Sunday, November 10, 2013

Envelope Response Comparisons

While developing the Andromeda A6, we tested many vintage synths to gain insight into their particular magic. Here are graphed responses to the envelopes in the Roland System 700 and the Oberheim SEM. I believe they are both readings of the output amplitude curve. The 700 was set to minimum time settings to see how fast it was (much faster than the Minimoog, for example). The SEM shows an amplitude decay curve which is interesting...the ear prefers exponential, as this is how sounds in nature decay, but its opposite, starting slowly then speeding up approaching the end of the cycle, slightly mimics what you hear after compressing or limiting a sound.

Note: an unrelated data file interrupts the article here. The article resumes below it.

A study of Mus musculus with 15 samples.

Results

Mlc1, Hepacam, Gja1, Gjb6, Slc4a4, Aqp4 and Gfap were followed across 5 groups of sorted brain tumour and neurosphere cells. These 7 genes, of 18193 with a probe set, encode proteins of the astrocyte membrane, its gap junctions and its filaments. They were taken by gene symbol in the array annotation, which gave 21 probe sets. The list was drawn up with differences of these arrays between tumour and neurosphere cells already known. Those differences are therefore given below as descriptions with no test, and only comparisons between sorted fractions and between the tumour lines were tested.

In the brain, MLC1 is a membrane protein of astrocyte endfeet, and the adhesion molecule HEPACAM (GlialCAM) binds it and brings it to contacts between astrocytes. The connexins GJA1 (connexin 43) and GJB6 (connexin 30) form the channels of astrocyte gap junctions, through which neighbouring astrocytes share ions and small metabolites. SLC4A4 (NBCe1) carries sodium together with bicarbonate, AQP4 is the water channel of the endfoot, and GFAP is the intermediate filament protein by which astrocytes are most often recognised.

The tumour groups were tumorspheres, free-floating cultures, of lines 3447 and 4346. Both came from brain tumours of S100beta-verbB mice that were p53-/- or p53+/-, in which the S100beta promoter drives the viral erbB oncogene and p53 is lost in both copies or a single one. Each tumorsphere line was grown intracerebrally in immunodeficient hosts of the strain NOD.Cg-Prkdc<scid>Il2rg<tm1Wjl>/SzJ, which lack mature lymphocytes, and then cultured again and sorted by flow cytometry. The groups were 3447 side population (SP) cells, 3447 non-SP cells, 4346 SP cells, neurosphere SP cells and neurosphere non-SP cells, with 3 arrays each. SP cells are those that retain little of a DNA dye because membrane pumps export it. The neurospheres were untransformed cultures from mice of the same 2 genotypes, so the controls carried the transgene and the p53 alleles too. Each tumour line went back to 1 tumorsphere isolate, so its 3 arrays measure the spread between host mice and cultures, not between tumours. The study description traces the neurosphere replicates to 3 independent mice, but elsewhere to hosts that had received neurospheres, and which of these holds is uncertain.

The Roland System 700 ADSR set to all minimum times. Total duration is less than 1millisecond. Note that the Minimoog's minimum attack time is about 1 millisecond alone; this is important as hard voltage changes of less than 750 microseconds cause the Minimoog VCA to click.


The vintage Oberheim SEM.

Not all envelopes are the same. We noted that the Roland SH-5 ADSR's decay slope is steeper (begins more quickly) than the Moog's.

The Buchla modular envelopes are typically exponential. The 281 envelope is linear, in that it begins and ends at the same rate, a straight line across a time graph. As with any voltage-controllable envelope however, its slope is thus completely variable from linear to steep regular exponential to its reverse as seen in the Oberheim graph, through routing the voltage output of the envelope back to its VC inputs through inverting attenuators (attenuverters).

Nods to Grant Richter for explaining the last part in his SDIY pages.